Drupal 4.8/5.0 will have an installer

Last month, it was announced that Drupal will have an installer included in the next major release of Drupal. The installer will not only automate the creation of the required Drupal database tables for you, but should also allow for the creation of "install profiles".

However, this patch is more than just usability: it supports "install profiles" so that anyone can create a distribution out of Drupal core, contributed modules, and themes. This will begin a new era in Drupal's life. Without a doubt, there will be a Drupal for blogger distribution, and a forum distribution is already in the works. Also, new installations of Drupal will only contain database tables for the modules you've actually enabled.

While the announcement of this installer was last month, I really have not had much time to actually check how the installer will actually work. While I would expect the installer to work as easily as installers in other content management systems, I've learned over the years to not count my chickens before they hatch. Today, someone has posted a very good article on what Drupal users can expect in the next major update of their application.

Replacing the Drupal Dashboard

A sleepless night for Earl Miles late last week provided the Drupal community a replacement to his Dashboard module. Earl Miles announced a successor to Dashboard at his site, Angry Donuts. The new module is the Panels module and I expect we'll be seeing it used a lot by Drupal's users, especially newcomers of Drupal and those less inclined to dig into the PHP code.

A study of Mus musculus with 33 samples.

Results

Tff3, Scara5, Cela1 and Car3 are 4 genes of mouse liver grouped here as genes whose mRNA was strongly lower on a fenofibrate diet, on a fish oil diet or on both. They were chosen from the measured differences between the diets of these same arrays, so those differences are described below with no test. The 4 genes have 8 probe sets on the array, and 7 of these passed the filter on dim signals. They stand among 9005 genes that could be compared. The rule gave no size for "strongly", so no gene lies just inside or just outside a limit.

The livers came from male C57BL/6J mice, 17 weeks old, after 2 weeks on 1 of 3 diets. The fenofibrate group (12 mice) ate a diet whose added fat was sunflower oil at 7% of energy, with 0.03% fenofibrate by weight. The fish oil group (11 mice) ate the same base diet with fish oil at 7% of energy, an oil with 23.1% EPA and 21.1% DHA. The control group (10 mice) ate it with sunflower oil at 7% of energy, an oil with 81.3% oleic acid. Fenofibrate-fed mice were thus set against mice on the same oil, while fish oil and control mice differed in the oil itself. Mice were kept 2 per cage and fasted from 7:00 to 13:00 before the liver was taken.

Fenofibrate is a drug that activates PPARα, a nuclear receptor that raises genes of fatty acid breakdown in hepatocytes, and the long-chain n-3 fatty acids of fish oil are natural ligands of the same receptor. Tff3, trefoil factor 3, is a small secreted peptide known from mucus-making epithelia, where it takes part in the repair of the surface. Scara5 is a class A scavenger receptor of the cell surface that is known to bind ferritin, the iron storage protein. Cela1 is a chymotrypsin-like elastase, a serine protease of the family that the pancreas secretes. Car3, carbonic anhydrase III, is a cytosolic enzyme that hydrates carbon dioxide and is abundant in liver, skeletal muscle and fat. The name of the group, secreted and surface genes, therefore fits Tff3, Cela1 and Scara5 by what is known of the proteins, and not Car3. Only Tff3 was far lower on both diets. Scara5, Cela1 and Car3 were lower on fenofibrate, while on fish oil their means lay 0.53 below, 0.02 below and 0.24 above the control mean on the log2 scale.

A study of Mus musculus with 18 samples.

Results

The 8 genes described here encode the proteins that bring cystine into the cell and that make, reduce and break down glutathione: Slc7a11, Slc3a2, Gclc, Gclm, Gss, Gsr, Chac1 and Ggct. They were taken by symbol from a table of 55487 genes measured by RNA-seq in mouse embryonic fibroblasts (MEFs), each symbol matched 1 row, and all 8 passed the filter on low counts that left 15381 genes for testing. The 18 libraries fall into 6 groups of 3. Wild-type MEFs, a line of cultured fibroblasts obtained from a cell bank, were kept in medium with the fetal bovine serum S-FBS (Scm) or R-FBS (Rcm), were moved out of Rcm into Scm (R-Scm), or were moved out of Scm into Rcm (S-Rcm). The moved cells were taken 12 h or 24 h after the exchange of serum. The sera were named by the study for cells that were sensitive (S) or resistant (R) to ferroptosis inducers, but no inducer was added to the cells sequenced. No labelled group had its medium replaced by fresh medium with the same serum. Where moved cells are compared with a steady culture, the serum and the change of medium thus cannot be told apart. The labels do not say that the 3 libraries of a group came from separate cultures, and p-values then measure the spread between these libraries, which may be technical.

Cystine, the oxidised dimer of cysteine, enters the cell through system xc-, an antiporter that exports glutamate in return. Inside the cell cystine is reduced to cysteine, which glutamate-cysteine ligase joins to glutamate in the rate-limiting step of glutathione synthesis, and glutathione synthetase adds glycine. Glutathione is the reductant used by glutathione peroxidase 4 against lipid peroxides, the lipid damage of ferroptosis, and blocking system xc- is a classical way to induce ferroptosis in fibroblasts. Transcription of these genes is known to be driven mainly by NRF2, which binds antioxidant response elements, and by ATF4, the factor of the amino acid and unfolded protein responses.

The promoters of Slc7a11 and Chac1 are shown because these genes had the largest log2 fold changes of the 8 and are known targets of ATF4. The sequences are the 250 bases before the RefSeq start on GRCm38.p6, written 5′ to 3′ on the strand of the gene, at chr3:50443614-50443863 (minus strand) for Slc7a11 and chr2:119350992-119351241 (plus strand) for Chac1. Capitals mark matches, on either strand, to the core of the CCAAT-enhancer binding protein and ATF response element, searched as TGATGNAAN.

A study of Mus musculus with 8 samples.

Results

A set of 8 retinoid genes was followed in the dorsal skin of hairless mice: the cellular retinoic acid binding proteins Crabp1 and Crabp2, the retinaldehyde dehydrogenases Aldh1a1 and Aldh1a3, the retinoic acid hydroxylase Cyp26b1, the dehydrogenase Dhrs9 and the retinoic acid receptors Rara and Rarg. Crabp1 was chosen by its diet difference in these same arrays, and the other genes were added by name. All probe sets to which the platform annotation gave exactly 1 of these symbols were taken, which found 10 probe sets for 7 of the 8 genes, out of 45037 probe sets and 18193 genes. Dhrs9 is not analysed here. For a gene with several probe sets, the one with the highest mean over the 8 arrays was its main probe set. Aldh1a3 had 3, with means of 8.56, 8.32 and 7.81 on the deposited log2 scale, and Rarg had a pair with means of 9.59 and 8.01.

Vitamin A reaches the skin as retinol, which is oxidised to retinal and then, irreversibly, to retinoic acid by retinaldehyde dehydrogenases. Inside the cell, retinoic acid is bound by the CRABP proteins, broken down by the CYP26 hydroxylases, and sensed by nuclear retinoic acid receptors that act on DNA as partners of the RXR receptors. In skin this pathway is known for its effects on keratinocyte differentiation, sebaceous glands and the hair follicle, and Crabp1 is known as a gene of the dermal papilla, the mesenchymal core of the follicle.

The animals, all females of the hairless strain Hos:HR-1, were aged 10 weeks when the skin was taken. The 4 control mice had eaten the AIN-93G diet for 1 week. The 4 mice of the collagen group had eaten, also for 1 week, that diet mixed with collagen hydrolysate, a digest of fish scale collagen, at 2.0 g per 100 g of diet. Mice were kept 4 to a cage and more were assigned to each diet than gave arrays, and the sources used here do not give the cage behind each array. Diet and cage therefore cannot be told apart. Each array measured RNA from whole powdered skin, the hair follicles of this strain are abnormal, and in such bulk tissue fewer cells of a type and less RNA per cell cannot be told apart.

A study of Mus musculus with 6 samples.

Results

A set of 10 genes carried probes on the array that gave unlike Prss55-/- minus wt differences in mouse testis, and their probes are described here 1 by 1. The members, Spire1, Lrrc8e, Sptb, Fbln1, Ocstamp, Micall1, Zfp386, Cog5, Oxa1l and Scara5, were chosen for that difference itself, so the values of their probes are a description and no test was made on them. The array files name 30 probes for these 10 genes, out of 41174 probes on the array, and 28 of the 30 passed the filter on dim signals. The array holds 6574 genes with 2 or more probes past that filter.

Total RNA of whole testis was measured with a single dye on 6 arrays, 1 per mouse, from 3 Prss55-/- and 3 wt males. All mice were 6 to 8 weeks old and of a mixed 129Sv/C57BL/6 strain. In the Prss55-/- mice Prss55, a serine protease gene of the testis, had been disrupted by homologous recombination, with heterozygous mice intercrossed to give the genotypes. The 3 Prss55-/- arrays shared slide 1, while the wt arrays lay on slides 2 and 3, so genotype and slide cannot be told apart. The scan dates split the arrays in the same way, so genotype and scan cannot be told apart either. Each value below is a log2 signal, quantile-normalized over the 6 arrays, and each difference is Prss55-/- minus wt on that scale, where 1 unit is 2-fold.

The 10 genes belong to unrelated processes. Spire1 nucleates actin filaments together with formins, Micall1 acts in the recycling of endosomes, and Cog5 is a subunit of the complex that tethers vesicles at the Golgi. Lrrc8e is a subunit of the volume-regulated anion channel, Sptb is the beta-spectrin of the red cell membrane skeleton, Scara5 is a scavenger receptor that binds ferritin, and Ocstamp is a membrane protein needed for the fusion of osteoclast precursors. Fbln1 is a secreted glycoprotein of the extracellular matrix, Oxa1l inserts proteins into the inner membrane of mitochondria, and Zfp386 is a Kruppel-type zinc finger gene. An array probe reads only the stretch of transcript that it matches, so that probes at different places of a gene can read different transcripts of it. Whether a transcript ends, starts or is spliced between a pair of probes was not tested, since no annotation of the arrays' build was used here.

Dashboard the previous module, allowed Drupal developers an easy way to implement "simple" two-column layouts of content (called nodes in Drupal) that are not sidebars. While you can put blocks about anywhere in Drupal, the core doesn't offer an easy way to put content outside the "main body". While dashboard overcame the "single column" for content obstacle, it required knowledge of PHP to implement.

A first look at mojoPortal

A couple days ago I opened my Thunderbird e-mail client on my Windows XP system and found an e-mail from Joe Audette of the mojoPortal project. "Mojo whata?", I asked. I thought I knew most of the content management projects (CMS) projects around, but this one didn't ring a bell. After reading his e-mail, I understood I likely have not heard much about his project because my focus on CMS has been a little too narrow lately.

In his e-mail, Audette writes, "Hi, just wondering if you only cover CMS's using php technology or if you would consider giving any press to .NET/Mono based projects? Any coverage of my project mojoPortal would be much appreciated."

As I've mentioned in past posts, I have a strong desire to cover more than just PHP Web applications. mojoPortal, named after Audette's dog, is written in C# and runs under ASP.NET on Windows or under mono on Linux or Mac. Already the talk of a CMS using a blend of Microsoft and open source tools was peaking my interest.

They Hate Drupal, They Love Drupal

Does Drupal make the grade? The answer to that question evidently depends on who you ask. Last week, the Tech Republic posted a review by Justin James on the Drupal content management system. Mr. James concluded that "Overall, Drupal does not make the grade". This week the Drupal community is all a buzz over the decision for IBM's developerWorks to use Drupal for designing, developing, and deploying a collaborative Website.